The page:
In a way, David Bowie’s unexpected death last January has freed his songs. Because we are no longer dependent on him to sing them, they are available to everyone to perform as they wish. On Saturday night at the Uptown Theater, the magic happened to come from a couple of the guys who helped create it in the first place.
Drummer Woody Woodmansey is the last surviving member of Bowie’s Spiders From Mars band, the four-piece group that introduced the world to Ziggy Stardust and established Bowie’s legacy and stardom. Tony Visconti played bass on many of Bowie’s early sessions and produced nearly all of his greatest albums.
Performing classic albums in their entirety in concert has become a touring cliché, but for now the move works in Woodmansey and Visconti’s favor. Playing under the name Holy Holy, the pair opened the show with all of 1970’s “The Man Who Sold the World,” the first Bowie album both men worked on together.
Although the title song gained notoriety thanks to covers by Nirvana and Lulu, the rest of the album remains a footnote to Bowie’s glam rock heyday. The relative unfamiliarity of songs like “Black Country Rock” and “Saviour Machine” made the night feel more like an excavation than a covers job. The seven-piece band performed all of the album during the first half of the nearly two-hour set.
The second half featured many of Bowie’s biggest songs from his Spiders period, including more than half of the “Ziggy Stardust” album. A few interesting choices appeared among the hits. Visconti’s daughter Jessica Morgan handled lead vocals on “Lady Stardust.” A medley of three songs featured a head-scratching arrangement that meandered from free-form folk to glam rock to cabaret.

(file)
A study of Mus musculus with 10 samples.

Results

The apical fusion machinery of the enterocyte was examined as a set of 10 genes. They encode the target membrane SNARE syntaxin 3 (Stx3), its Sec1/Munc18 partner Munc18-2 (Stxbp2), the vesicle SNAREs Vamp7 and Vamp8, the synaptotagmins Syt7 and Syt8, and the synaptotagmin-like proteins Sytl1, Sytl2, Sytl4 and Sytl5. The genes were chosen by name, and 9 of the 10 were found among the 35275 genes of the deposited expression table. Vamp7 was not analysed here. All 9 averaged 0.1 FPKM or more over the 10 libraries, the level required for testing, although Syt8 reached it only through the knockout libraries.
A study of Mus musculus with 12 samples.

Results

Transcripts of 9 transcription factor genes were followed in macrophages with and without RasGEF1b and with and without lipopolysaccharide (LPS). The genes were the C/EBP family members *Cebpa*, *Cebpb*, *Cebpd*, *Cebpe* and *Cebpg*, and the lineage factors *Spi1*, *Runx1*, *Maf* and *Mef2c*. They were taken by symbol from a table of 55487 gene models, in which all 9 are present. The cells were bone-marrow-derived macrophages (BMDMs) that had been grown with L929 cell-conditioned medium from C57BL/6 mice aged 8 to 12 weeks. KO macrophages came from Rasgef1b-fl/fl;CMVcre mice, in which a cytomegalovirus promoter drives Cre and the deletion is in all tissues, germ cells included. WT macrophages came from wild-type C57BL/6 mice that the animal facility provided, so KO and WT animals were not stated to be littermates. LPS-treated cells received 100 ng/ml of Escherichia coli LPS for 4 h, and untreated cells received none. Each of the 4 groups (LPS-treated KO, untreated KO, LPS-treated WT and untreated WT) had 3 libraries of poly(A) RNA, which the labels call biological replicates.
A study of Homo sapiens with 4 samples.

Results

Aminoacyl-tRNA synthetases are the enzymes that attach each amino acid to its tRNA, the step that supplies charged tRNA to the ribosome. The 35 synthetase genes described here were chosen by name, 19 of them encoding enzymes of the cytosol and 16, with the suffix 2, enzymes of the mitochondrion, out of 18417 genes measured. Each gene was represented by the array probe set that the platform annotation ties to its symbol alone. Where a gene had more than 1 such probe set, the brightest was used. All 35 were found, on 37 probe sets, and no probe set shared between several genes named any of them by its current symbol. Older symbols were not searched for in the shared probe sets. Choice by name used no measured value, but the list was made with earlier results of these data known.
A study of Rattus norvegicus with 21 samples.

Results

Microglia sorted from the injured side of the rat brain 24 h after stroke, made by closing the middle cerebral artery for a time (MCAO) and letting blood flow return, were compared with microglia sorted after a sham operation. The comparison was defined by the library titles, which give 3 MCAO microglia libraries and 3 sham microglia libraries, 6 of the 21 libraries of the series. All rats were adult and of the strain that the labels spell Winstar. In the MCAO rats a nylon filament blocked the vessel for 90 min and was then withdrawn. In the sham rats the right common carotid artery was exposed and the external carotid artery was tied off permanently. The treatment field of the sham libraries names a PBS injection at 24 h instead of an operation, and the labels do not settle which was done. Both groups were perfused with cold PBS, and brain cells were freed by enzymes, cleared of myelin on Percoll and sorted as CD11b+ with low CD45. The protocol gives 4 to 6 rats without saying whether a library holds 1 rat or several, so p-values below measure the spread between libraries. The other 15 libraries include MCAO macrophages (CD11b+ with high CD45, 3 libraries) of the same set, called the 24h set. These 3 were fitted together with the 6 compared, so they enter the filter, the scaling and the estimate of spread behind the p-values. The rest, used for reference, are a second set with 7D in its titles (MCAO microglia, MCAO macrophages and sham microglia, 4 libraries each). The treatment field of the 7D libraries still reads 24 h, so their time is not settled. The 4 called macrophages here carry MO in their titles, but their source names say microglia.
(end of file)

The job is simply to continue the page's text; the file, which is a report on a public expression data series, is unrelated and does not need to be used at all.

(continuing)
Despite overexposure and decades of wear, Bowie’s biggest songs of the era are as infectious as ever. The audience sang along with every chorus, and everyone seemed to get an especially big kick out of the hand claps in “Space Oddity.”
Over the winter, a David Bowie tribute night hosted by local musicians had to be moved from Knuckleheads to the Uptown after demand soared when Bowie died. With fewer than 200 tickets sold, the crowd at Saturday night’s tribute to Bowie at the Uptown Theater could have fit comfortably at Knuckleheads.
The band acknowledged the disappointing attendance late in the show. Gregory called the audience “small, but perfectly formed,” while Woodmansey tipped his hat to “a great crowd for a lot of empty seats” during his closing remarks. Although this gathering was small, another Bowie tribute show is scheduled for this summer. The thirst to hear his work won’t dry up anytime soon.
The Man Who Sold the World: The Width of a Circle; All the Madmen; Black Country Rock; After All; Running Gun Blues; Saviour Machine; She Shook Me Cold; The Man Who Sold the World; The Supermen. Five Years; Space Oddity; Moonage Daydream; medley: Wild Eyed Boy From Freecloud; All the Young Dudes; Oh! You Pretty Things. Changes; Life on Mars? Ziggy Stardust; Lady Stardust; Watch That Man; Rock ‘n’ Roll Suicide. Encore: Time; Suffragette City.